Intel expands Bug Bounty program with ‘Project Circuit Breaker’ effort
Intel announced the expansion of its Bug Bounty program this week, explaining in a statement that it plans to create a new effort called “Project Circuit Breaker.”
The project will bring in an “elite” group of hackers to search for vulnerabilities in Intel’s firmware, hypervisors, GPUs, chipsets, and more. According to Intel, the program will involve “targeted time-boxed events on specific new platforms and technologies, providing training and creating opportunities for more hands-on collaboration with Intel engineers.”
The first Project Circuit Breaker event, “Camping with Tigers,” started in December and includes 20 researchers who received systems with Intel Core i7 processors. The event will end in May, and Intel said bounty multipliers are being offered at three milestones for eligible vulnerabilities.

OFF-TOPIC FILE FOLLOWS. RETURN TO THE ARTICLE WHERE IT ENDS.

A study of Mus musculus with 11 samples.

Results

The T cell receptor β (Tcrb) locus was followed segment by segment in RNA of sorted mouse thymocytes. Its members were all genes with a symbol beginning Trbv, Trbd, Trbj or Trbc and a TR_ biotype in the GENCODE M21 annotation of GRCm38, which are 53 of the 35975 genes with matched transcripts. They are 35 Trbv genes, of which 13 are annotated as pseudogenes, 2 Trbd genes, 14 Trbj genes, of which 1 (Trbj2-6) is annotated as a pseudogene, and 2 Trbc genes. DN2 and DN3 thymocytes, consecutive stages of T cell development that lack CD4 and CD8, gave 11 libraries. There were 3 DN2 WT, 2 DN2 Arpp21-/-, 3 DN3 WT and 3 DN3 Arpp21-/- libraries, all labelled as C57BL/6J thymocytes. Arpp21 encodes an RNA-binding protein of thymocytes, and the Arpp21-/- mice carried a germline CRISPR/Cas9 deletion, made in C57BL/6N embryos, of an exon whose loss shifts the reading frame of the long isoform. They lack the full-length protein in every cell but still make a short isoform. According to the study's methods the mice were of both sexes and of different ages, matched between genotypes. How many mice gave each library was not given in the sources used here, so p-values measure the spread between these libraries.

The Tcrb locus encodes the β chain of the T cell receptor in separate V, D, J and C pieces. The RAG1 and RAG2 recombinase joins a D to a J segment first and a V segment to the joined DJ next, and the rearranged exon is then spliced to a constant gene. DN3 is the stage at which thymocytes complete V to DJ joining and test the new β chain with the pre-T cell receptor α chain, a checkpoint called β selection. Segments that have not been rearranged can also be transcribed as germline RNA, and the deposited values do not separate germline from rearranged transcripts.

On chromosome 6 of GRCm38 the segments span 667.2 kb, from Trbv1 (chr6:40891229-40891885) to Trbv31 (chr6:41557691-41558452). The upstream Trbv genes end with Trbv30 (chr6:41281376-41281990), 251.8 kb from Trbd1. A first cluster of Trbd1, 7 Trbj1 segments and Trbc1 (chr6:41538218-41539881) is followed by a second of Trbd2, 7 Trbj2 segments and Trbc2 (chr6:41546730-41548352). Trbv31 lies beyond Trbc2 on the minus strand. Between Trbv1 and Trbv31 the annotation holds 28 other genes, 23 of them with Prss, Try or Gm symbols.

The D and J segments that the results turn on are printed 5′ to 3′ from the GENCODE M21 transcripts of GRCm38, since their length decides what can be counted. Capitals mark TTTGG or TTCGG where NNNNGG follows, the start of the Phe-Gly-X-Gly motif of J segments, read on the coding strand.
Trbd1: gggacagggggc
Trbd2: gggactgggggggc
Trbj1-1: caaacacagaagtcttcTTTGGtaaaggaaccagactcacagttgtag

Katie Noble, director of Intel’s Product Security Incident Response Team (PSIRT) and Bug Bounty, said the new program was possible due to the company’s “cutting-edge research community.”
“This program is part of our effort to meet security researchers where they are and create more meaningful engagement,” Noble said.
“We invest in and host bug bounty programs because they attract new perspectives on how to challenge emerging security threats — and Project Circuit Breaker is the next step in collaborating with researchers to strengthen the industry’s security assurance practices, especially when it comes to hardware.”
Tom Garrison, vice president and general manager of client security strategy & initiatives at Intel, added, “As we aim to develop the most comprehensive security features, we also realize the incredible value of deeper collaborations with the community to identify potential vulnerabilities and mitigate them for the ongoing improvement of our products.
Intel has run its Bug Bounty Program since 2018.
Intel explained that 97 of 113 externally found vulnerabilities were reported through Intel’s Bug Bounty program in 2021. The company’s security experts are also part of both the Bug Bounty Community of Interest and Forum of Incident Response and Security Teams.
The announcement comes days after Cloudflare announced its own paid public bug bounty program hosted on HackerOne’s platform.